And the People Stayed Home–and were creative

Has the pandemic time allowed you the chance to be creative? For some folks, I know, the pressures of children at home, school at home, work at home, every minute at home have left no time for anything but survival. For others of us, at different stages of life, the time at home has left empty spaces in our lives that used to be filled with travel, seeing friends—even commuting. My work hasn’t changed much, since it was already pretty computer-based, but needing to spend all day every day at home (and without driving my husband nuts) has forced me to think about how I spend my time. There have been some creative moments, and they do me good. It wasn’t surprising to me to read that during the pandemic, one research study found that greater teacher creativity related to greater teacher well-being.*

It made me think of Kitty O’Meara and her viral poem, “And the People Stayed Home.” The poem started as a Facebook post shared online, and traveled the globe, morphing into music and eventually a book. You can read the original blog post here. It was written in the early days of the pandemic, with a lovely and optimistic view of how the post-pandemic world can evolve. I hope she’s right.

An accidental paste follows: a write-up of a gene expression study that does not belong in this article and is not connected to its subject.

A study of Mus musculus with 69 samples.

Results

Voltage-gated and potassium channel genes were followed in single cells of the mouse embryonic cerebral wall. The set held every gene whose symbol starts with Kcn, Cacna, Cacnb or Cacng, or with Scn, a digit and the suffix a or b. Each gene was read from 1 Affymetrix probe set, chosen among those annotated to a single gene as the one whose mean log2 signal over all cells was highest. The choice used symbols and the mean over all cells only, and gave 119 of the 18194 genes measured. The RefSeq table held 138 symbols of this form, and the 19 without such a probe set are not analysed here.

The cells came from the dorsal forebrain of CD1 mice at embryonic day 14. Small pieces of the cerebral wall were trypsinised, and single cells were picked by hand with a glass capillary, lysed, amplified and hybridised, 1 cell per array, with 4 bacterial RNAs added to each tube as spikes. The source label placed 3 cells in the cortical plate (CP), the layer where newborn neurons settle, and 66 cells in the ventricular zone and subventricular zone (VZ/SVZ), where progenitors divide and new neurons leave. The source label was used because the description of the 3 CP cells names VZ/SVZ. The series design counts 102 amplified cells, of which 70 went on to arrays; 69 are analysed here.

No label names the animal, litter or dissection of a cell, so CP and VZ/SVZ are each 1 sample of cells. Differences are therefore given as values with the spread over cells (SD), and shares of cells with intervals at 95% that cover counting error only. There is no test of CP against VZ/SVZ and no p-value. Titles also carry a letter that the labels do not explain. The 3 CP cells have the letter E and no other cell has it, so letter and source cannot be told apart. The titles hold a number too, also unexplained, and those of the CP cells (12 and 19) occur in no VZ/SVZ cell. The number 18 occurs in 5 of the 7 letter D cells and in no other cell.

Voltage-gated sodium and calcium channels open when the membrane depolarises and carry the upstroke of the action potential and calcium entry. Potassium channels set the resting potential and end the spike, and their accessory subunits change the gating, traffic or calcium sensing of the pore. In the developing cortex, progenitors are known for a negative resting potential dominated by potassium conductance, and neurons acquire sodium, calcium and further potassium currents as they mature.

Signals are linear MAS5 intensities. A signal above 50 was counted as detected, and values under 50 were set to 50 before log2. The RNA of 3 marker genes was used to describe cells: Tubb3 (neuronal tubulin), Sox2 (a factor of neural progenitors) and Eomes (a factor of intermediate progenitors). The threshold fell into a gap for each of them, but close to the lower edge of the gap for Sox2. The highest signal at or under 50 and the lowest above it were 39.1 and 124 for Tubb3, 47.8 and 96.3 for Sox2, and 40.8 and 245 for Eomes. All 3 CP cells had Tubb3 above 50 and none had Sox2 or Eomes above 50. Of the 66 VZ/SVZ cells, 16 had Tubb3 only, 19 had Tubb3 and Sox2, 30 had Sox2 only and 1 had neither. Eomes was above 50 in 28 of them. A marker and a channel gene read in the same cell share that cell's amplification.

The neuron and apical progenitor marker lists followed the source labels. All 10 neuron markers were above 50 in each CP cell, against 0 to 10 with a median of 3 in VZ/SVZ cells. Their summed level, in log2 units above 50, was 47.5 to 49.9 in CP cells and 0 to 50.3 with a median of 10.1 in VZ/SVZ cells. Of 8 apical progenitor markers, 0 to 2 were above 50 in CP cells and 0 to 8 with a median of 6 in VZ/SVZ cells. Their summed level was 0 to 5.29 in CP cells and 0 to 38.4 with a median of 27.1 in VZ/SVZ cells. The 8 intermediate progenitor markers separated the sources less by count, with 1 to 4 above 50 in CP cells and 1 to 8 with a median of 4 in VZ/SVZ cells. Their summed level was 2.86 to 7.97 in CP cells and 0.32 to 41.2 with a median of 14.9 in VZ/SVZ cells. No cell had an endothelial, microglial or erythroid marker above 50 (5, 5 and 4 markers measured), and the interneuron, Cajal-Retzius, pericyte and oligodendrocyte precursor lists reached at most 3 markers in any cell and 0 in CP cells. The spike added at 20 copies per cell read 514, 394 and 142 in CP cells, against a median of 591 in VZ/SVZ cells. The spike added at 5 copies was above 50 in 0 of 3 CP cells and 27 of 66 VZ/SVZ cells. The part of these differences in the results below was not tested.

But in the meantime, this end of the school year—virtual, face-to-face, or somewhere in between–seems like a perfect time to invite young people to contribute their thoughts to the conversation, either adding new pages to the book or creating stories of their own. Recording thoughts of these pandemic days is important for students of all ages, and adults, too. How else will we describe them to those who come next?

Would you like to hear the poem read aloud? Here it is, from the website, Maggie Reads.

If you’d like to hear a bit from the author, you can find it here. Now, go use your creativity. You’ll feel better.

*Anderson, R. C., Bousselot, T., Katz-Buioncontro, J., & Todd, J. (2021). Generating buoyancy in a sea of uncertainty: Teachers creativity and well-being during the OCVID-19 pandemic. Frontiers in Psychology, 11, Article 614774.